AALIMS - Oxford Conference on Political Economy of Islam and Muslim Societies

AALIMS - Oxford Conference on Political Economy of Islam and Muslim Societies

Friday, 15 May 2015 - 9:30am to Saturday, 16 May 2015 - 7:00pm
Oxford Department of Interantional Development, Queen Elizabeth house, 3 Mansfield Road, Oxford OX1 3TB
Southeast Asia Events in Oxford


There is no fee for registering for either the Graduate Student Workshop (Friday Morning); or for the Conference on the Political Economy of Islam and Muslim Societies (Friday Afternoon and All Day Saturday). However, if you are planning to attend, please send Nicola Shepard (nicola.shepard@qeh.ox.ac.uk) a message with the following information:

- Your name, institution, position and contact details;
- Whether you plan to attend both the workshop and conference; and
- Whether you are happy for your e-mail address to be included in a list of participants that will be available on the day.


May 15th, Friday


8:30-10:00 AM: Governance

Chair: Jean-Philippe Platteau (University of Oxford)

Michael Callen (Harvard University), Saad Gulzar (New York University), Arman Rezaee (University of California, San Diego) and Jacob Shapiro (Princeton University)

Living in Ungoverned Space: Pakistan's Frontier Crimes Regulation

Renard Sexton (New York University)

Aid, Insurgency and the Pivotal Role of Control: Evidence from Afghanistan


10:30-12:45 AM: Inter-Group Conflict

Chair: Amaney Jamal (Princeton University)

Avital Livny (Carlos III-Juan March Institute)

Ethnic Diversity and Inter-Group Trust in Turkey

Margaret Roberts (University of California, San Diego), David Romney (Harvard University) and Paul Zachary (University of California, San Diego)

Covered Up: An Experiment on Censorship, Crowdsourcing, and Religion in Saudi Arabia

Chantal Berman (Princeton University) and Elizabeth R. Nugent (Princeton University)

Regionalism, Revolutionary Perceptions, or Real Preferences? Testing Determinants of Vote Choice in Tunisia’s 2014 Parliamentary Election


2-3:30 PM: Public Goods

Chair: Timur Kuran (Duke University)

Thomas Pepinsky (Cornell University)

Natural Resource Shocks and Public Goods Provision in Eastern Indonesia

Melani Cammett (Harvard University), Aytuğ Şaşmaz (Harvard University):

Is There a Faith-Based Welfare Advantage? Preliminary Findings from a Pilot Study in Lebanon


3:45-6:00 PM: Economic and Political Performance of the Islamic World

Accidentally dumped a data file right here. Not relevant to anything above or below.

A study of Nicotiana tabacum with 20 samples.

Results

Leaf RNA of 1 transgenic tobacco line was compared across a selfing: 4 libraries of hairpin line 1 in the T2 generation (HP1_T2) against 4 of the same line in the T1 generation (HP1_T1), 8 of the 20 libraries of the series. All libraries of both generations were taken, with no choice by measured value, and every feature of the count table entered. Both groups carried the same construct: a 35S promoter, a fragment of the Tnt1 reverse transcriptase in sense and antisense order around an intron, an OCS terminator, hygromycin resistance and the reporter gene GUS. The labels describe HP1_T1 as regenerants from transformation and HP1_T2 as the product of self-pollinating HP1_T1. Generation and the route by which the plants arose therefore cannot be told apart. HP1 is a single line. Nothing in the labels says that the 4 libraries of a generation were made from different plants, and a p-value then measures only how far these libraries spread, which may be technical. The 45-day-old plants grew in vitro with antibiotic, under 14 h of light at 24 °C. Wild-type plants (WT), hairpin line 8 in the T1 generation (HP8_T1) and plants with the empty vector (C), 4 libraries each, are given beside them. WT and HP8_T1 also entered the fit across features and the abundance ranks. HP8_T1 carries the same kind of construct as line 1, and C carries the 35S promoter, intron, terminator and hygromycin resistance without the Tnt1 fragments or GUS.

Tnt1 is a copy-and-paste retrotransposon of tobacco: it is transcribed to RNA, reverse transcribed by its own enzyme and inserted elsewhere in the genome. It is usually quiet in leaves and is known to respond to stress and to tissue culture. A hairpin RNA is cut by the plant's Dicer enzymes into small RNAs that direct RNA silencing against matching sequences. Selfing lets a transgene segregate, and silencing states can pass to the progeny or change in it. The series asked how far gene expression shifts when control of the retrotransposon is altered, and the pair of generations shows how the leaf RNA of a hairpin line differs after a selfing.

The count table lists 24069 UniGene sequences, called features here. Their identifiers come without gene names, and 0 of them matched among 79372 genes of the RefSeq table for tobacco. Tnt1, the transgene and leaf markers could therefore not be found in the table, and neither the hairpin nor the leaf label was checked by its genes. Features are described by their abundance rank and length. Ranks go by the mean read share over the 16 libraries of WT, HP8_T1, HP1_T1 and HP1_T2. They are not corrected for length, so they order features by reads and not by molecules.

Chair: Lisa Blaydes (Stanford University)

Eric Chaney (Harvard University)

Economic Growth in the Malthusian Era: Evidence from the 1609 Spanish Explusion of the Moriscos.

Timur Kuran (Duke University) and Jared Rubin (Chapman University)

The Financial Power of the Powerless: Socio-Economic Status and Interest Rates under Partial Rule of Law

Jean-Philippe Platteau (University of Oxford)

Laicist Reform in the Lands of Islam: Lessons from Enlightened Despotism

May 16th, Saturday


9-11:15 AM: Gender and Family

Chair: Thomas Pepinsky (Cornell University)

Lisa Blaydes (Stanford University) and Melina Platas Izama (Stanford University)

Religion, Patriarchy and the Perpetuation of Harmful Social Conventions: The Case of Female Genital Cutting in Egypt

Imane Chaara (University of Oxford)

Women as Decision-Makers within Households: Does Religiosity Matter? Evidence from Morocco

Amaney Jamal (Princeton University) and Helen Milner (Princeton University)

Women, Patriarchy and Globalization in MENA: Evidence from Tunisia


1:00-3:15 PM: Religion, Ideology, and Attitudes

Chair: Tahir Andrabi (Pomona College)

Ali Çarkoğlu (Koç University)

Ethnicity and Religion in Shaping Threat Perceptions: Evidence from a Survey Experiment in Turkey

Masooda Bano (University of Oxford)

Education and Aspirations: Results from Islamic and State Schools in Pakistan and Nigeria

Maya Tudor (University of Oxford) and Dan Slater (University of Chicago)

Ideological Origins of Dictatorship and Democracy in the Postcolonial World


3:45-6:00 PM: Sharia

Chair: Denis Galligan (University of Oxford)

Nathan Brown (George Washington University)

Citizenship, Religious Rights and State Identity in Arab Constitutions: Who Is Free and What Are They Free to Do?

John Bowen (Washington University)

Muslim Divorce Tribunals in non-Muslim Lands

Matthew Nelson (SOAS, University of London)

Islamic Law in an Islamic State: What Role for Parliament?